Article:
David Leach Glassford (1868-1943) third son of James Glassford (1819-1892)
Family Goes West.
After David sold the farm in 1900, he moved his wife Sarah Jane Redpath and his eldest son to Manitoba and then to Saskatchewan. Prior to leaving and packing up for their move west, David found a framed copy of a genealogy chart prepared by William Glassford in 1834. This document is currently in the possession of Ray Glassford of Adanac (now Unity) Saskatchewan. The existence of the chart in the Glassford home, and its inclusion of information on David's grand -father ,born in 1819 (see figure 9) and his great grandfather's location in Canada, infer that a connection must have been maintained with the Scottish line(s) at least until 1834, the date which the chart was published. This chart is very important to all Glassford's I have been able to connect with, as we are using it as the platform from which our research activities into our family history is being built.
Sarah and David had a total of 6 children (5 boys and 1 girl) the eldest two boys died young James Ross (1898-1913) and George Redpath (1900) who died in infancy, Charlie Howard (3rd son) (1904-1996) and John Raymond (5th son) never married but both have been involved in tracing the family history. David Westly (David's 4th son) (1908-1992) has left a legacy of children and 5 grandchildren to carry on his line.. Bessie Jane (1917-1987) married and left 4 children to carry on her line.
The story of David Leach's movement from Kingston comes from his son Ray in a note to me via his nephew Arnold in Feb., 1997.
"In 1900 our focks left the farm in Glenburn [ Glenburnie] district near Kingston, Ontario and went to farm near Lauder, Manitoba. They lived there till the fall of 1902, when they moved to the south corner of what later became Saskatchewan. It was new land that had never been worked, and there were no buildings on the land. The farm was a long distance from the town of Gainsborough, and there was a little river with no bridge that had to be crossed to get to town, so it had to be forded and at times the water was quite high. One of the nieghbours had a son farming west of Saskatoon, so in 1906 his father decided to go up and see him and my father went with him to see the country. When they got up there father met a man he had known at Lauder, and he had 2 sections of land that he wanted to sell. The one was bald prairie with no buildings on it but father liked the looks of it and bought it. The railroad was coming but hadnít got that far yet so father decided to stay where they were for a while. In 1910, they decided to move up there, and by this time the railway was through and there was a little village called Adanac within 2 miles of the farm. The Glassford's have been farming here ever since.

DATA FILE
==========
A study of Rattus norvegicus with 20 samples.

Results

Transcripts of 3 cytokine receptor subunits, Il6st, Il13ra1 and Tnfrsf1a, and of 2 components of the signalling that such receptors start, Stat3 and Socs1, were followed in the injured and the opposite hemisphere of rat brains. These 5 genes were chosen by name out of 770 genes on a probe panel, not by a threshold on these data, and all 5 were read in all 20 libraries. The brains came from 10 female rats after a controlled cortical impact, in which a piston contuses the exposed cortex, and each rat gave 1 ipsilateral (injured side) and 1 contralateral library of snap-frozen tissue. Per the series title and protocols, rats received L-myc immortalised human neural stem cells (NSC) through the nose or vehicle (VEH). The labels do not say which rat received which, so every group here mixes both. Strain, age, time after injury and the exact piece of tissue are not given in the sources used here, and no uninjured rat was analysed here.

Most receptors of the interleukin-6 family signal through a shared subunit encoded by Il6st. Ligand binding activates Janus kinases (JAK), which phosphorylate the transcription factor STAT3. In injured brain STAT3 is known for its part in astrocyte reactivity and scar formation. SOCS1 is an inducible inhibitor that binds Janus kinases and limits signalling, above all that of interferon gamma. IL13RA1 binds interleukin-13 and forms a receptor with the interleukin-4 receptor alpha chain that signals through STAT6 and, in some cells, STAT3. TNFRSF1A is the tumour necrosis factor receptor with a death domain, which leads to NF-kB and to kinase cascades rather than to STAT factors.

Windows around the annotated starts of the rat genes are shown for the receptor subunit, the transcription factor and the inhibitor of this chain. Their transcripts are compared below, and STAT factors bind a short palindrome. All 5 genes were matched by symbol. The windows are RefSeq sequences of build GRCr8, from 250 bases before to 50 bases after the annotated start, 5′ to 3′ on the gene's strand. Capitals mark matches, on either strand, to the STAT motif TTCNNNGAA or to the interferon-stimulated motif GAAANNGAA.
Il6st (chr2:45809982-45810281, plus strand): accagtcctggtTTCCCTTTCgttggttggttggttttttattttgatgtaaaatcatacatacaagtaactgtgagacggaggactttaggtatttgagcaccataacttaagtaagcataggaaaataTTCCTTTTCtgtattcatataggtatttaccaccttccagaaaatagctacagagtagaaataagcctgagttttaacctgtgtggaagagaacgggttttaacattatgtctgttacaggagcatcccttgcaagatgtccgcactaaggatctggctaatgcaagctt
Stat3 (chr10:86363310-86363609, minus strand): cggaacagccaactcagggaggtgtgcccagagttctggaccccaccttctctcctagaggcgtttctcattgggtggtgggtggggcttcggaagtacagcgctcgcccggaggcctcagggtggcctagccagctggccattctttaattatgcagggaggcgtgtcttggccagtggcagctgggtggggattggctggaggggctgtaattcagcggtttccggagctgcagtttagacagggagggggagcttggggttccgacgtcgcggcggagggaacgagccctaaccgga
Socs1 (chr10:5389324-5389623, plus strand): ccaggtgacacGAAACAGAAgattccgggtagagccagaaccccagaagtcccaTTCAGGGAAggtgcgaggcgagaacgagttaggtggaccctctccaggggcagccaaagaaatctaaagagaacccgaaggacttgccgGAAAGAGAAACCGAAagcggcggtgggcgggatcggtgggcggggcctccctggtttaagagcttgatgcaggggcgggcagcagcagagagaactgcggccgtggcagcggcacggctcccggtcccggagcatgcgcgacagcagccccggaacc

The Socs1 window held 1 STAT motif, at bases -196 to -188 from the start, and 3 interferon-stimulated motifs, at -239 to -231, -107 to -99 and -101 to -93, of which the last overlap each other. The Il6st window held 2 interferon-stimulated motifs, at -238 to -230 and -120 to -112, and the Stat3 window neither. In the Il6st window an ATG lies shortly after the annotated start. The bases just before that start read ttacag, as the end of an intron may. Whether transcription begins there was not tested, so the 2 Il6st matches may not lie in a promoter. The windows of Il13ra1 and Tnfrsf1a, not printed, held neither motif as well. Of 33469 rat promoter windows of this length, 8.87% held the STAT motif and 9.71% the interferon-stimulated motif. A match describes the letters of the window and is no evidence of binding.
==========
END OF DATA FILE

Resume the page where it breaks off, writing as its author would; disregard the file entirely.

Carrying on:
My brothers Charles, Wesley and I worked the farm together for some years, through the years we purchased more land. Eventually we formed a farm company which we called GLASSFORD BROS. FARMS Ltd. As our nephews got older we took then into the CO. And now they own the Company and I am retired".
David Leach's and Sarah Jane Redpathís line has continued to expand and as of 1995 in addition to the 6 children includes 8 grand-children and 5 great grand-children and 1 great great grand-child.
See 20th century Emigration
for another Glassford emigration to the Canadian Prairies.